Tuesday, 2 June 2009

The Burrowers (2008)

An interesting one this one, the first thing that springs to mind is that its a miss-spelt “Borrowers” but anyone looking for a story about little people should look elsewhere.

The Burrowers is a Horror/Western now how often do you see those words together? Set in Dakota in the 1870s it follows a group of lawmen and cavalry as they search for a group of Women and Children that they believe have been taken by Indians. We follow their conflicts and characters very thoughtfully for the first half of the story with a conflict between the methods of the arrogant Cavalry man and the more intelligent observations of the local Law posse helping to round out our fairly small ensemble.vlcsnap-5085543

The cinematography is for the main very good with a nice use of light and dark and some colour tinting to wash out the prairie and bring some feeling of hopelessness. The film also seems to use a technique I have never seen before that gives a claustrophobic feeling of tunnel vision to some shots. Certainly an achievement considering this was entirely shot on locations and mainly outside.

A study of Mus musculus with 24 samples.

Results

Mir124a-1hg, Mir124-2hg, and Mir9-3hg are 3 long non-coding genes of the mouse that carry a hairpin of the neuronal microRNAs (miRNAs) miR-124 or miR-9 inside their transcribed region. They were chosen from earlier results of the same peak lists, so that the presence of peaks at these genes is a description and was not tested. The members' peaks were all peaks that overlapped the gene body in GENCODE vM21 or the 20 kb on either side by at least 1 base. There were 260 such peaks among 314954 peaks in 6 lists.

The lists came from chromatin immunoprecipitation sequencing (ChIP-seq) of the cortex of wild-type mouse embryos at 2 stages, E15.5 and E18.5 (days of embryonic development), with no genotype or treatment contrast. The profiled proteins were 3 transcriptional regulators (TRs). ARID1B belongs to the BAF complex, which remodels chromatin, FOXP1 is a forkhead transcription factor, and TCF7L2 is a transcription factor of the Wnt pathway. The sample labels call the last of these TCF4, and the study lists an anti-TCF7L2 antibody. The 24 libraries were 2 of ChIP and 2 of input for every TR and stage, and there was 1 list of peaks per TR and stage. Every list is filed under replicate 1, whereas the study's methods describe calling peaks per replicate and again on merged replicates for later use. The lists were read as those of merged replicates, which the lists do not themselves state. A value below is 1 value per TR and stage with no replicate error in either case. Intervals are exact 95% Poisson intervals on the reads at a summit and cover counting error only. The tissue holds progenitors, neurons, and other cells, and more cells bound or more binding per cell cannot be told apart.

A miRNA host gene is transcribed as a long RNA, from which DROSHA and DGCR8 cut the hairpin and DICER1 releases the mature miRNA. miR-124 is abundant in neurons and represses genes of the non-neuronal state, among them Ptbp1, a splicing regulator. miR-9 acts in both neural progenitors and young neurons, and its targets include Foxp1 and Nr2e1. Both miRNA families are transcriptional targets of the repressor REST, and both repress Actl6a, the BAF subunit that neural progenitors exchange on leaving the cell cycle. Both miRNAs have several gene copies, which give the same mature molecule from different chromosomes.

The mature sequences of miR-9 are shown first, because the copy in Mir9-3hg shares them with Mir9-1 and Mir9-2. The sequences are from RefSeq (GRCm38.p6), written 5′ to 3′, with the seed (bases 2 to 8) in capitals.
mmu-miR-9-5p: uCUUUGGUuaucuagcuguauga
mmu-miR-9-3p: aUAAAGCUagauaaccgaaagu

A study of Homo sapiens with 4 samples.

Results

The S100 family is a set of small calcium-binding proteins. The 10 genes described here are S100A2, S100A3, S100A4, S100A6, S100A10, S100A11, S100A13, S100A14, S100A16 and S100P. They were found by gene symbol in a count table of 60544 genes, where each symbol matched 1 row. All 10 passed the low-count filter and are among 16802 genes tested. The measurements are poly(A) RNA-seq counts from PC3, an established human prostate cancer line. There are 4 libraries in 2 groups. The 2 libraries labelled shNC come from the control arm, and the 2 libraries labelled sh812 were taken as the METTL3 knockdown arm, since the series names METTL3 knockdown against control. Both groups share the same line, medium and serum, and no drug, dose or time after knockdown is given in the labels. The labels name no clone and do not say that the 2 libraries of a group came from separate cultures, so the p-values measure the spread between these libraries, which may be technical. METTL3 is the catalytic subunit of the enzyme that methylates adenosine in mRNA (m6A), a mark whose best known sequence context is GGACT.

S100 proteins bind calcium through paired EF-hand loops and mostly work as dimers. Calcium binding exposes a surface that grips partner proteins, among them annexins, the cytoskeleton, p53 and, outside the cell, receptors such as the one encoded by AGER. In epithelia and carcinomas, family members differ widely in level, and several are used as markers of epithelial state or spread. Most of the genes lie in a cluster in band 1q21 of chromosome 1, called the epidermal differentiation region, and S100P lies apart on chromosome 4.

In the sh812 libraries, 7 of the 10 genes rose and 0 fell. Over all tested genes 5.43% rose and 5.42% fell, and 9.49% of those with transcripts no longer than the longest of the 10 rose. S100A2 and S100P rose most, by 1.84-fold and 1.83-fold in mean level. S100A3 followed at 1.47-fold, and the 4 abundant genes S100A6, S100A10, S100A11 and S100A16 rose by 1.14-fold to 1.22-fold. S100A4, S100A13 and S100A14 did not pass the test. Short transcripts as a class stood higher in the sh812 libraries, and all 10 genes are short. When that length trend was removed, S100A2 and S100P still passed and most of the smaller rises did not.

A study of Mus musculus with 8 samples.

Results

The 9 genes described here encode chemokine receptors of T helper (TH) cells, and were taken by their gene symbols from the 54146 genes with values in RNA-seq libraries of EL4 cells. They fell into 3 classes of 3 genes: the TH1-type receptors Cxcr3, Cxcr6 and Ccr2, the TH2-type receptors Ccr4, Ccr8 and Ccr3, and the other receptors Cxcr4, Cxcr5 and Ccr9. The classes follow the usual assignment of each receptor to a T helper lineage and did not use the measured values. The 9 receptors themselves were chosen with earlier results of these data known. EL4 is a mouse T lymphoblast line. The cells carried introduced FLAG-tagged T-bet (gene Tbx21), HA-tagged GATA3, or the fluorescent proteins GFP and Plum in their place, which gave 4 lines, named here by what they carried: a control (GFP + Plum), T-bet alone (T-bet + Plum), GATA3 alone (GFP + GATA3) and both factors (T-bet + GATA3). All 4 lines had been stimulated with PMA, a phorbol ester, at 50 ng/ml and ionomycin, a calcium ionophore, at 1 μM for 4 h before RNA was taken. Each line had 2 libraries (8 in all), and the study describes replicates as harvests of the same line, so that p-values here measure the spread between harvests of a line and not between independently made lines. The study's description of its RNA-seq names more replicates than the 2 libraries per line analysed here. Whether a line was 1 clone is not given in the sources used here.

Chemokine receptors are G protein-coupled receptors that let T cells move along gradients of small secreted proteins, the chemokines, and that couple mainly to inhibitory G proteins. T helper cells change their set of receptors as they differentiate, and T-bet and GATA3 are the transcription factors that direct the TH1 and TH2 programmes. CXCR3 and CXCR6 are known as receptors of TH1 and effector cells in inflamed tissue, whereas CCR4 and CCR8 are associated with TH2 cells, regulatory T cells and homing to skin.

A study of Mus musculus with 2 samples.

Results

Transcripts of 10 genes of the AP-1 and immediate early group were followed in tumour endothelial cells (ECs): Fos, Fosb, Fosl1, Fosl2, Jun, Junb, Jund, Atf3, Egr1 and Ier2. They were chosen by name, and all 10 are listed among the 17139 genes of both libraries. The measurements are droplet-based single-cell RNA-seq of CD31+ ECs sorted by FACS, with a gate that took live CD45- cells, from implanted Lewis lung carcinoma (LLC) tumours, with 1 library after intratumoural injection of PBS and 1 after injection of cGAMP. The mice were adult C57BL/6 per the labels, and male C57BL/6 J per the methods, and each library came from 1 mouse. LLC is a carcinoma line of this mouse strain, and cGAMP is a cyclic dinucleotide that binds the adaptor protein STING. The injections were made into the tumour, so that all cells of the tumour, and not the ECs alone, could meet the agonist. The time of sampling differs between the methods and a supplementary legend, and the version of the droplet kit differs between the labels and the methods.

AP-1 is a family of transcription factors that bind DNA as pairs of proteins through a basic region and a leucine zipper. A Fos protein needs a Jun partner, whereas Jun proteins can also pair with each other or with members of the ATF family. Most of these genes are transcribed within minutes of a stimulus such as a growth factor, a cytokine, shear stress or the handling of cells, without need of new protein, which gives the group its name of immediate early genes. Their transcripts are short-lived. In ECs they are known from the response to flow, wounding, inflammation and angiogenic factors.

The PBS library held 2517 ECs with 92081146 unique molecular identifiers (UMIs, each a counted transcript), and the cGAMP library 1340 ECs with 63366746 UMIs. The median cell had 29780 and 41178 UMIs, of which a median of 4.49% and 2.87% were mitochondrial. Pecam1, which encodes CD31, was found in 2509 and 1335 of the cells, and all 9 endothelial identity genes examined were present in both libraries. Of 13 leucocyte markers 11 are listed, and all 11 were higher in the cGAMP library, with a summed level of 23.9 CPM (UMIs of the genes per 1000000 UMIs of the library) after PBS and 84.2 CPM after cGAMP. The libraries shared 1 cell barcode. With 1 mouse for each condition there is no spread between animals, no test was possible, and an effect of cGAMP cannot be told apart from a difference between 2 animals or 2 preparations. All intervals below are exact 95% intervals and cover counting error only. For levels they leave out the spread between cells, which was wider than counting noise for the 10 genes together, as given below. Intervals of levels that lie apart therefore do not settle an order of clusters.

Of course in time we do discover what the Burrowers are and to be honest they are pretty nasty. A creature native to the prairie they originally fed on bison paralysing them and burying them to “ripen”. Of course to add a sinister twist the ripening happens best when the meat is still living. Mmmmm. With their main food source hunted almost to extinction by the white settlers what WILL they eat now?vlcsnap-5109588

I thoroughly enjoyed The Burrowers as a touch of fresh air to the very stale horror genre. William Mapother (Ethan Rom: Lost) turns in a sterling performance, as do the rest of the cast. There is also an excellent use of dialogue and translation with characters translating what they want the others to hear and each with their own strengths of understanding. The idea that our translators know only a little Sioux is perfectly portrayed as is the Coffey characters basic command of French.

The film moves at a very amicable pace, never rushing but not dawdling either. I never felt the need to hurry it along or became bored and the ending, when it comes, does not let you down at all with a perfectly believable conclusion to the tale. Lets just say, be careful when you go camping…

Paul out…and sleeping on the top floor with both eyes open.